Monday, July 8, 2013
A Very Late Post Mortem on Diablo III
This is a very late post mortem because, of course, Diablo III has been out for more than a year. I share these thoughts because...why the hell not, it's my blog! Plus I know that there are many other fathers, mothers, wives and husbands out there who, like me, are just happy to play a game, let alone find time to play one through to the end, and hearing about last year's left-overs might help one to make a decision about whether the time invested is worth it.
Diablo III After Action Report
I played a variety of characters up at least a few levels, and took one dour male witch hunter all the way to level 31, with the murderation of Diablo himself at the end. I logged a grand total of 34 hours in Diablo III according to Raptr, and I think about 28 of that was in the main campaign. According to How Long to Beat, had I been a younger man with spazzier reflexes I would have knocked it out in about 19 hours. That fact that a sought out every text and bit of data I could locate in the game on the story (and paused to read/listen to them) probably contributed to this time increase.
In the course of playing through the campaign I learned a few important details:
The Diablo Difficulty Curve is more of a Gentle Slope: The game was clearly designed to be relatively easy...as in, click this repeatedly easy....for most of the way. If you find yourself in a pickle, it's because you haven't thought about your skill choices lately, or you're getting tired....or you're lagging. The game's difficulty really doesn't even begin to ramp up until late in the third act, and even then it's still fairly trivial to plow through most encounters. In the fourth act you finally get monsters and bosses that do interesting things that require you to pay more attention....but it would have been much nicer to have more features like that early on; I'm just not that thrilled at the button masher genre anymore (okay, I never was; this is the first button-masher ARPG I have ever finished, let alone gotten halfway through!)
The Nightmare and Inferno Modes at Locked to Character and Come Later for a Reason: Or put another way, Nightmare mode is really just Blizzard's way of saying "difficulty aimed at level 30+ characters" and Inferno mode is even tougher. Hell mode or whatever comes last is for level 60, I think. I cleared one campaign on Normal mode, discovered that unlocking Nightmare meant only for a second playthrough on the same character, and decided I was done with the game. The interest I had in playing through a new class on normal, or seeing what new stuff my witch hunter could get on a second playthrough of the storyline, with not even a smidgeon of effort to explain why he'd be doing it all over again; typical "lack of RPG logic" style of computer games, where RPG has nothing to do with story and all about stat leveling. I could neither tolerate a repeat of the same content purely on the off-chance that they might make those first three acts slightly more interesting, nor did I care enough to kill things with fists, magic missiles or axes with another class just for the slightly different novelty.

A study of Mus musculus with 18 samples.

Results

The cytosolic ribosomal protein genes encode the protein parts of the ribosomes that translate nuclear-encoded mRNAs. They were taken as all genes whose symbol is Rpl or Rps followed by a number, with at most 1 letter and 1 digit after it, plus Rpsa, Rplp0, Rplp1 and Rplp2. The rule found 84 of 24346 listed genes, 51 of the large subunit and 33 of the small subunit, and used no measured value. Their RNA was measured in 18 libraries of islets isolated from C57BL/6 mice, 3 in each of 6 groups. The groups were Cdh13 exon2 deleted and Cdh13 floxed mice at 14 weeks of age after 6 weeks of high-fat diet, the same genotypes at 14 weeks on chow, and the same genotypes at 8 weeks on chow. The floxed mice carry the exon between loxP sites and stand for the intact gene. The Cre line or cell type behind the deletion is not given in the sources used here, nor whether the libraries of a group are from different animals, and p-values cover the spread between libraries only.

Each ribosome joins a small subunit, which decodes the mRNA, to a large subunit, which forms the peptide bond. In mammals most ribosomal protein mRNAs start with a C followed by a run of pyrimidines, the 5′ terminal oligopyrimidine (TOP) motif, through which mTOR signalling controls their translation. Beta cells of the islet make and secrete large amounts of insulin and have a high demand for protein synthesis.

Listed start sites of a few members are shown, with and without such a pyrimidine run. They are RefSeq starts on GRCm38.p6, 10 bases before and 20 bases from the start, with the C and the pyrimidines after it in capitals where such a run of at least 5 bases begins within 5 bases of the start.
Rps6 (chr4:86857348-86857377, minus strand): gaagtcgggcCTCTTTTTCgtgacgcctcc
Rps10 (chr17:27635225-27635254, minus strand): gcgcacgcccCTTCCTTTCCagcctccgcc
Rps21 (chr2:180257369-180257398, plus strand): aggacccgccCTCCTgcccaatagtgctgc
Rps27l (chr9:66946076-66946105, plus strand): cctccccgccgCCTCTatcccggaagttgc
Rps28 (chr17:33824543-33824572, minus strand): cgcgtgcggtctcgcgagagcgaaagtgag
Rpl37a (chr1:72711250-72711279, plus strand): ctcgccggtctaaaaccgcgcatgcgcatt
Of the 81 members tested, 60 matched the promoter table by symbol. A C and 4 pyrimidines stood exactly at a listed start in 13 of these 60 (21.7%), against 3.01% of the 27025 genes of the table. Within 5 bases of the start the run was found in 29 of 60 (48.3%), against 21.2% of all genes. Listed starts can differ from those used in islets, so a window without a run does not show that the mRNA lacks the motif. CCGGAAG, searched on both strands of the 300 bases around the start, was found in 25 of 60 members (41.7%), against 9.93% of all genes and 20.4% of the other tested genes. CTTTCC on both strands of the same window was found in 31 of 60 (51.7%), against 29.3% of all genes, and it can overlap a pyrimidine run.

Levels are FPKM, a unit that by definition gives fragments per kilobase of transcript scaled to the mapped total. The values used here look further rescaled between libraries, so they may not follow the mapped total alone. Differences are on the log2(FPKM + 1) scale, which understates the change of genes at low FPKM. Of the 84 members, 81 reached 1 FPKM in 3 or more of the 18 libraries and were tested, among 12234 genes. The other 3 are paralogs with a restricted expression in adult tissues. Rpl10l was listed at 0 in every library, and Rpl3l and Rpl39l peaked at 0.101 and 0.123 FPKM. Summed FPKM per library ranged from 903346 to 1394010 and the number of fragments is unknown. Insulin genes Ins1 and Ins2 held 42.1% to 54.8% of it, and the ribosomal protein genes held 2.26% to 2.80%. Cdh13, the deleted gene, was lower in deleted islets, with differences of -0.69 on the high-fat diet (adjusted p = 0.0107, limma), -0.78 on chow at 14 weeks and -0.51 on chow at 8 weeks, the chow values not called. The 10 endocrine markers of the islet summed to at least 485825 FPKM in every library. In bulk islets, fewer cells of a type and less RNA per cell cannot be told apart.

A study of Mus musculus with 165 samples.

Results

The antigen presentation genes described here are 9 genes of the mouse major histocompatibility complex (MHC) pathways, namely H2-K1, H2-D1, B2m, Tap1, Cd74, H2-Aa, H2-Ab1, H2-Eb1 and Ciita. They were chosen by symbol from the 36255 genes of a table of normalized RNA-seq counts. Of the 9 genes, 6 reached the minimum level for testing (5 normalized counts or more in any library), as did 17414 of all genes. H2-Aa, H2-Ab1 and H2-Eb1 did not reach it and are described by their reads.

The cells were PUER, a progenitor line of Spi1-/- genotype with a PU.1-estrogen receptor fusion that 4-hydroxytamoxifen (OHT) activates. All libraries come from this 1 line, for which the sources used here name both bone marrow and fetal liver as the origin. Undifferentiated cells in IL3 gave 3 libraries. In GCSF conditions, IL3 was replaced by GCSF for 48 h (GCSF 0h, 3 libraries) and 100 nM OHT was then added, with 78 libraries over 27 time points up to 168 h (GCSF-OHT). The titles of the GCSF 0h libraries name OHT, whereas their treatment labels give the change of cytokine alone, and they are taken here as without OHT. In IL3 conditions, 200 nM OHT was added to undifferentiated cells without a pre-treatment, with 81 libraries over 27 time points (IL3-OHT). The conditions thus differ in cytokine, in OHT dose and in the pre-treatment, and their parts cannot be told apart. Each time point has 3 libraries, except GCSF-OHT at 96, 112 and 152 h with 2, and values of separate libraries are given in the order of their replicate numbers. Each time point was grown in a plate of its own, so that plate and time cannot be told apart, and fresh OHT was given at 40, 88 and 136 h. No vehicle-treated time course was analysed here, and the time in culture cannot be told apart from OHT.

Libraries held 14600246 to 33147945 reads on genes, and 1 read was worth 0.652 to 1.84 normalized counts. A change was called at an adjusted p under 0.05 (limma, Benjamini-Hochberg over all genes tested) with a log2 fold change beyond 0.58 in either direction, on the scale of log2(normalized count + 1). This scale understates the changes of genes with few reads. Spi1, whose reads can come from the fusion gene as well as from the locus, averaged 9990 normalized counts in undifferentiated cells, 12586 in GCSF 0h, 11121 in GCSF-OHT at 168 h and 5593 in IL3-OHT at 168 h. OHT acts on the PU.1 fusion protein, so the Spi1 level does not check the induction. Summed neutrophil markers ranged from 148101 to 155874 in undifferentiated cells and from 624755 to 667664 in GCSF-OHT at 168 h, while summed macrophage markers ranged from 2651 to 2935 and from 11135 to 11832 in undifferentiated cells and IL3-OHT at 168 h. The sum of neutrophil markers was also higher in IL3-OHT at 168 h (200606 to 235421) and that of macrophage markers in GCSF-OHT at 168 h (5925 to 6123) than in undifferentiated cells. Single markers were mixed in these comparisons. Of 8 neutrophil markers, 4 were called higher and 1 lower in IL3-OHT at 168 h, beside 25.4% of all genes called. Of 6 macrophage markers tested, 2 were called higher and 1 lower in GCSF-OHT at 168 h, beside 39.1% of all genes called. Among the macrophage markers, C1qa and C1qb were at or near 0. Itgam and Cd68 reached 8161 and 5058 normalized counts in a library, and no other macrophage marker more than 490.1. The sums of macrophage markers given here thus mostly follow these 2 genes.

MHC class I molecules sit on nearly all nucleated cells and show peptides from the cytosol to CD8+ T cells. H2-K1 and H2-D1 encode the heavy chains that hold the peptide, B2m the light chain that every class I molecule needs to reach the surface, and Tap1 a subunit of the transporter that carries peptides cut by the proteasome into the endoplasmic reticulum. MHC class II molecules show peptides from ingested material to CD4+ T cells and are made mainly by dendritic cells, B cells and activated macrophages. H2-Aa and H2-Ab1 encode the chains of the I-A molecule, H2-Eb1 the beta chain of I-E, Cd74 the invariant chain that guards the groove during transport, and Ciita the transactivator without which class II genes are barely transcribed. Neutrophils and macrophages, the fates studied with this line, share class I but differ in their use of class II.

It's Still Better than Torchlight II: but that doesn't mean Torchlight II isn't good, it just means that, for a single play-through, Diablo III was more rewarding in terms of story content and graphic design. For me, of course. YMMV.
The Always-On Connection Problem: this was only a problem for me once when playing the game, a few months back when I couldn't get online to play due to Blizzard authentication servers being down (or something). However, a bigger issue which I could only attribute to lag was the tendency for the game, after starting up, to have a lot of herky-jerky actions for monsters and laggy response for characters in the first encounter or two. On rare occasion or when playing on my laptop wirelessly I could get some serious lag that made the game effectively unplayable. This was, as so many have said before, total nonsense. I tried hardcore mode, and this opening lag got my hardcore barbarian killed. I realized then it wasn't worth it.
The Auction House: this became the only real way to make money and get gear. However, it was also probably the most damaging to the game's internal consistency as a whole, as it was definitely packaged as an outside fourth-wall event breaking in to the game's world-space. You had to leave the game to engage the auction house, and in doing so you guaranteed that loot would drop like magic into your character's lap, usually far better than most of what was actually found on play-through. Selling "grey items" was only for vendors; anything else would be guaranteed to net you more cash on the auction house. I have no idea who would spend real money there, or why; I never once needed to do so, nor could I find a compelling reason to do so, not even the matter of prestige. I think that's something only the hardcore hell mode crowd can answer.
The Chat Screen: it was like having the Barrens Chat in a single player game! Yay! Seriously, 90% of the time it was dead, but when it wasn't you were occasionally forced to ignore the random yappings of infantile players. Business as usual for online gaming, I guess.
And so, after trying a monk for a few levels, trying nightmare mode for a short period and finding it no different than normal mode (relatively speaking) I realized I had gotten exactly all that I wanted out of Diablo III and sliced it free of my hard drive. It was a fun story with an interesting twist....but like An M. Night Shyamalan film, I'm pretty sure it wouldn't have the same impact the second time around. I shall reload it in the distant future when Actiblizzard finally, theoretically, releases an expansion for it.